The Conflicting Goals

The Conflicting Goals

There are often two conflicting goals when trying to optimize the physical layout of data for a system that expects a large number of active users, some of them reading and others writing data. One goal is to try to store the data in as compact a way as possible and to help queries find it as quickly as possible. The other goal is to try to spread the data, so that several processes writing concurrently do not impede one another and cause contention and competition for resources that cannot be shared.

Even when there is no concurrency involved, there is always some tension when designing the physical aspect of a database, between trying to make both queries and updates (in the general sense of "changes to the data") as fast as possible. Indexing is an obvious case in point: people often index in anticipation of queries using the indexed columns as selection criteria. However, as seen in Chapter 3, the cost of maintaining indexes is extremely high and inserting into an index is often much more expensive than inserting into the underlying table alone.

Contention issues affect any data that has to be stored, especially in change-heavy transactional applications (I am using the generic term change to mean any insert, delete, and update operation). Various storage units and some very low layers of the operating system can take care of some contention issues. The files that contain the database data may be sliced, mirrored, and spread all over the place to ensure data integrity in case of hardware failure, as well as to limit contention.

Unfortunately, relying on the operating system alone to deal with contention is not enough. The base units of data that a DBMS handles (known as pages or blocks depending on the product) are usually, even at the lowest layers, atomic from a database perspective, especially as they are ultimately all scanned in memory. Even when everything is perfect for the systems engineer, there may be pure DBMS performance issues.

To get the best possible response time, we must try to keep the number of data pages that have to be accessed by the database engine as low as possible. We have two principal means of decreasing the number of pages that will have to be accessed in the course of a query:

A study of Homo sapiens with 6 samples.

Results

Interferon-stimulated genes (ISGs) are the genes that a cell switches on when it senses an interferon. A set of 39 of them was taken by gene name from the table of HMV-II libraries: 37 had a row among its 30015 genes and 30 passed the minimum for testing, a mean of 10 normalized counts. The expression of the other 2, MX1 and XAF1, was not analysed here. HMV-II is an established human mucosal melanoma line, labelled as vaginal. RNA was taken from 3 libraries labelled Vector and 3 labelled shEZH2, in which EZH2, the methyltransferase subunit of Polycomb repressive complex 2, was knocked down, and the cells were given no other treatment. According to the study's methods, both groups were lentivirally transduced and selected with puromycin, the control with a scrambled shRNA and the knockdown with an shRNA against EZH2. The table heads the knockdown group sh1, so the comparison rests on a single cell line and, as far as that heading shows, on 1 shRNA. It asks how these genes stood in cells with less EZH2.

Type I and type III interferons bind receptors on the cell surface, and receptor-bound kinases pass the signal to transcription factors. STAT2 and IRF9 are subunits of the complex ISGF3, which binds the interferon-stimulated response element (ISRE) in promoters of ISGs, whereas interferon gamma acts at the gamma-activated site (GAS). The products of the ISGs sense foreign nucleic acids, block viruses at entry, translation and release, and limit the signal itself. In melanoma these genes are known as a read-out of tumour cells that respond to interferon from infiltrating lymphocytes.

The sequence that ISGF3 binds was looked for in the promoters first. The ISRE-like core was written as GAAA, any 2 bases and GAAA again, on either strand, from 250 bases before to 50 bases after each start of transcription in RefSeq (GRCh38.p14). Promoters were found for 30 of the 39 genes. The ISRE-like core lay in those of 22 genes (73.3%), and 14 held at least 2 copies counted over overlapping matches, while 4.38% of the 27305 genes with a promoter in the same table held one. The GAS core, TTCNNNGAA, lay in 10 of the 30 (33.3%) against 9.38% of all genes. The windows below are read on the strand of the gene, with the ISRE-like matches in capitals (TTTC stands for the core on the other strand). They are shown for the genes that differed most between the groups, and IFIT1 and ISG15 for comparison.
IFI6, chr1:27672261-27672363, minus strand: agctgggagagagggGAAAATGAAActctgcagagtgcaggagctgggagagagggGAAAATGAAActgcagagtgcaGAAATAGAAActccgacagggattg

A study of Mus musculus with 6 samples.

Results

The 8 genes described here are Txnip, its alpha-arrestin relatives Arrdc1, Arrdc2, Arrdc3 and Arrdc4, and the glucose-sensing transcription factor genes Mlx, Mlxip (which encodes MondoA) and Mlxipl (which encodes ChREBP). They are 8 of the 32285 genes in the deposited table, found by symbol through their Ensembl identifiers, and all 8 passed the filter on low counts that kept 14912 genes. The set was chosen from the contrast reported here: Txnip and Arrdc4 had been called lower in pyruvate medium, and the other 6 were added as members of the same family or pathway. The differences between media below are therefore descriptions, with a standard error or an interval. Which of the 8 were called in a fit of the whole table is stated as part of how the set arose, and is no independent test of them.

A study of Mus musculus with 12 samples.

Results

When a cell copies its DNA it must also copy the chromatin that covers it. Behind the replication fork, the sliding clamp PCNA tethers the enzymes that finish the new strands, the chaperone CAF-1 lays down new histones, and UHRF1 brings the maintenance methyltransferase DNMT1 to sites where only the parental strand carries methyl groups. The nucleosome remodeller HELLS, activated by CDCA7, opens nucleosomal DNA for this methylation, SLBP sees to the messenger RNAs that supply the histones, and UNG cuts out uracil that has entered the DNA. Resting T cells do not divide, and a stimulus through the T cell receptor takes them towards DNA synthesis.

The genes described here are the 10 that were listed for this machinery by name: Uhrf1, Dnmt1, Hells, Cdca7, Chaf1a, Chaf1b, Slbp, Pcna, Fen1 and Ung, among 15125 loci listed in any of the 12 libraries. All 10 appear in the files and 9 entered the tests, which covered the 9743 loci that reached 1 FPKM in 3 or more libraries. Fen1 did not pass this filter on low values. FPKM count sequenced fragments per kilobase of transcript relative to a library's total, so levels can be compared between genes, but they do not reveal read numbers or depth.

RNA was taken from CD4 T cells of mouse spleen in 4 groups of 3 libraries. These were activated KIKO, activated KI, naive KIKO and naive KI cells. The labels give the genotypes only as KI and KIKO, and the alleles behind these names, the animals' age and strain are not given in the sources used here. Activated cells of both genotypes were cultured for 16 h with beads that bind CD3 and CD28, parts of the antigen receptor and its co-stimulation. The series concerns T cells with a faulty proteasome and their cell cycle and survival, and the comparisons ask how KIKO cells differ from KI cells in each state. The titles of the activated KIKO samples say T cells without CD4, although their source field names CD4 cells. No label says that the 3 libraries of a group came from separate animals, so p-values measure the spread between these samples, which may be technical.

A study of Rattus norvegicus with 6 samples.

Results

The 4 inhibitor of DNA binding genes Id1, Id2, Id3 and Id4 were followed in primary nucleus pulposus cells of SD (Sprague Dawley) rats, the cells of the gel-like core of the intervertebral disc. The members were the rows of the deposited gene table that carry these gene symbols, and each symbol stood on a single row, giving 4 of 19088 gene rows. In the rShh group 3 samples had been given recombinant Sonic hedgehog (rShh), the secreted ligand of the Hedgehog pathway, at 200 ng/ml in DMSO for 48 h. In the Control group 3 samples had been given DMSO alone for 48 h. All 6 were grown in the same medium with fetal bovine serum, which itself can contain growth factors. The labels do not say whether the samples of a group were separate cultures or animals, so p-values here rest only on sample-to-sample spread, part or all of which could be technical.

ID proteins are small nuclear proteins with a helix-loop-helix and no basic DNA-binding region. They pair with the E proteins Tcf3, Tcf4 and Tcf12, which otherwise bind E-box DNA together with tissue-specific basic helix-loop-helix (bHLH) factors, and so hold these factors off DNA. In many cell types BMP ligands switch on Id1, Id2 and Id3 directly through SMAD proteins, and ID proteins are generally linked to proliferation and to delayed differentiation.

• Trying to ensure a high data density per page

  • Grouping together those pieces of data most likely to be required during one retrieval process

However, trying to squeeze the data into as few pages as possible may not be the optimum approach where the same page is being written by several concurrent processes and perhaps also being read at the same time. Where that single data page is the subject of multiple read or write attempts, conflict resolution takes on an altogether more complex and serious dimension.

Many believe that the structure of a database is the exclusive responsibility of the database administrator. In reality, it is predominantly but not exclusively the responsibility of that very important person. The way in which you physically structure your data is extremely dependent on the nature of the data and its intended use. For example, partitioning can be a valuable aid in optimizing a physical design, but it should never be applied in a haphazard way. Because there is such an intimate relationship between process requirements and physical design , we often encounter profound conflicts between alternative designs for the same data when that data is shared between two or more business processes. This is just like the dilemma faced by the general on the battlefield, where the benefits of using alternative parts of his forces (infantry, cavalry, or artillery) have to be balanced against the suitability of the terrain across which he has to deploy them. The physical design of tables and indexes is one of those areas where database administrators and developers must work together, trying to match the available DBMS features in the best possible way against business requirements.

The sections to follow introduce some different strategies and show their impact on queries and updates from a single-process perspective, which, in practice, is usually the batch program perspective.

Reads and writes don't live in harmony: readers want data clustered; and concurrent writers want data scattered.